Pho shizzle

Pho is the meal that eats like a soup. Meat lovers now have a new choice for this Vietnamese specialty.

Pho is the meal that eats like a soup. Meat lovers now have a new choice for this Vietnamese specialty.

Photo By David Robert


6775 Sierra Center Pkwy.
Reno, NV 89511

Pho, you’ll no doubt recall, is that hearty Vietnamese soup made with rice noodles and various bits of beef. It used to be something of a novelty, but now, like Thai food and sushi before it, what was once unusual has become ubiquitous—a pho place on every block has become de rigueur.

This new pho joint has taken a bold name: Pho—as though it was the final word on the subject. This is made especially audacious and stupidly confusing considering another local Vietnamese place, one of Reno’s first, has long been affectionately referred to as “Pho.”

This new place isn’t exactly “meet the new Pho, same as the old ‘Pho.'” It’s actually a strange, suburban variation on the whole pho theme. Probably the biggest distinguishing factor of Pho is the ambience: Whereas many pho places are relaxed, casual Asian-ish soup shacks, this place is shiny and polished. The interior design is sleek and modern. The location used to house a tie-in restaurant for the flash-in-the-pan diet craze, The Zone, and the design may partially be a remnant of that.

There were large, flat-screen, possibly hi-def televisions playing one of the Pirates of the Caribbean movies when we visited and a good sound system that was playing some nice South American music. In other words, nothing really connects this place authentically to Vietnam other than the menu.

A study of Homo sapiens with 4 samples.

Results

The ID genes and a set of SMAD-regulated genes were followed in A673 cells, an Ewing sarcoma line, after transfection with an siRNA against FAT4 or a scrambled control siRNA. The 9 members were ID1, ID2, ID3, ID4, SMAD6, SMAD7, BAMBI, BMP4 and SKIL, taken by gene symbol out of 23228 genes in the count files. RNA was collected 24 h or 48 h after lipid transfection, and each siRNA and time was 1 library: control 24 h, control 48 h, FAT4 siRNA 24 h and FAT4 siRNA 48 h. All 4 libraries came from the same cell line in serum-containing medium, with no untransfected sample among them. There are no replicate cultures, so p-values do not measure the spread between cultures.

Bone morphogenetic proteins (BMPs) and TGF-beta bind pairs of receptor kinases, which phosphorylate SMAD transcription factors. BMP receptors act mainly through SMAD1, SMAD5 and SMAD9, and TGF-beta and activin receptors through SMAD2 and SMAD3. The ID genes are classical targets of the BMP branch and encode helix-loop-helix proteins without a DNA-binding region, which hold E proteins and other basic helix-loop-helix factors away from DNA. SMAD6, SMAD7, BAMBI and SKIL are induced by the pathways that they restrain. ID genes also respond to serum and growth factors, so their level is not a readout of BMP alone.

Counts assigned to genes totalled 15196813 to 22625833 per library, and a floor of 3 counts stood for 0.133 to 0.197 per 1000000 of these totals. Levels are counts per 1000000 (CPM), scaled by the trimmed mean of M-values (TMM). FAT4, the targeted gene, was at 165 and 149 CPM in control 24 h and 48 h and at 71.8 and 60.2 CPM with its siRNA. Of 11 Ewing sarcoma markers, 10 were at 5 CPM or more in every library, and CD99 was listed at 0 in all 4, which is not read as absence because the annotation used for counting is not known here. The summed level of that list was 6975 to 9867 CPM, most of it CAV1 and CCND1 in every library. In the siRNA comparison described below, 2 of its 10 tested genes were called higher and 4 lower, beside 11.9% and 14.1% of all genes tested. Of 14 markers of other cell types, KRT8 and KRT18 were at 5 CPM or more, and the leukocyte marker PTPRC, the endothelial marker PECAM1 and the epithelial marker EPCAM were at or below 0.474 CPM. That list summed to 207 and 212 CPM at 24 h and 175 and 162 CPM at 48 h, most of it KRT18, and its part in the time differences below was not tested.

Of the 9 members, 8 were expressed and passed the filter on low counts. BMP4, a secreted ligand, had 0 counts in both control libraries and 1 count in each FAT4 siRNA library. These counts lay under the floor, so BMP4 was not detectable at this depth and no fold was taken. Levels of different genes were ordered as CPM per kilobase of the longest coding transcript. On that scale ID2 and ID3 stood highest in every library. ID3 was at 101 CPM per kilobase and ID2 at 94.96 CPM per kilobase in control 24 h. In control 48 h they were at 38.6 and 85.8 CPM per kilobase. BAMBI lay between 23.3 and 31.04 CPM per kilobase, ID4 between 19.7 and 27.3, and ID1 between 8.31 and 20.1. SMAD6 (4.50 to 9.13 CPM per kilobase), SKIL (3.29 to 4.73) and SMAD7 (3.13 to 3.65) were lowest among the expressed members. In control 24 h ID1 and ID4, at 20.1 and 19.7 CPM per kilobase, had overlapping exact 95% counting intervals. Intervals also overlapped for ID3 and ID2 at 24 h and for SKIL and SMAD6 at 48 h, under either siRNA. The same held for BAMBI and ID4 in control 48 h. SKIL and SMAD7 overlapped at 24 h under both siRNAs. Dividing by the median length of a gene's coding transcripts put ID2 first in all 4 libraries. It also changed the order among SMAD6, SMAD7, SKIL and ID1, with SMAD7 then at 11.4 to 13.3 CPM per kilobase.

A large bowl of pho soup is $7.50, and you can make it a combo with a drink and an egg roll for an extra $1.95. It’s nice that they have this simple, flat rate, and you can pick out your favorite cow parts for inclusion in the soup. I went with rare steak, well-done flank, tendon and tripe. My brother, Cameron, went with the same line-up, except he substituted fat brisket instead of the steak.

Pho includes onions, coriander and other seasonings and is usually served with chili peppers, basil, bean sprouts and lime on the side, as well as Sriracha hot sauce (the one with the rooster on the label) and an addictive sweet plum sauce.

The pho at Pho rates pretty well, though mine was a bit light on the meat, and Cameron’s could’ve used some more noodles. They might need to adjust the portioning. The large is big enough to satiate even the hungriest diner and still have some left over to take home for lunch the next day.

Service is friendly, efficient and engaging. When we were first served, the plate with the fresh sprouts and lime and stuff was missing the all-too-important basil. We asked for some, and they were quick to bring it out with a smile and an apology. Part of what makes pho (the soup) so appealing is that you sculpt each bite, deciding how much meat and noodles to include, and whether to add sprouts or basil, hot sauce or plum sauce. There’s a lot of creative freedom in a meal. It forces you to eat slowly and savor each bite. Considering that it’s such a warm, intoxicating soup to begin with, the overall effect is to really mellow you out.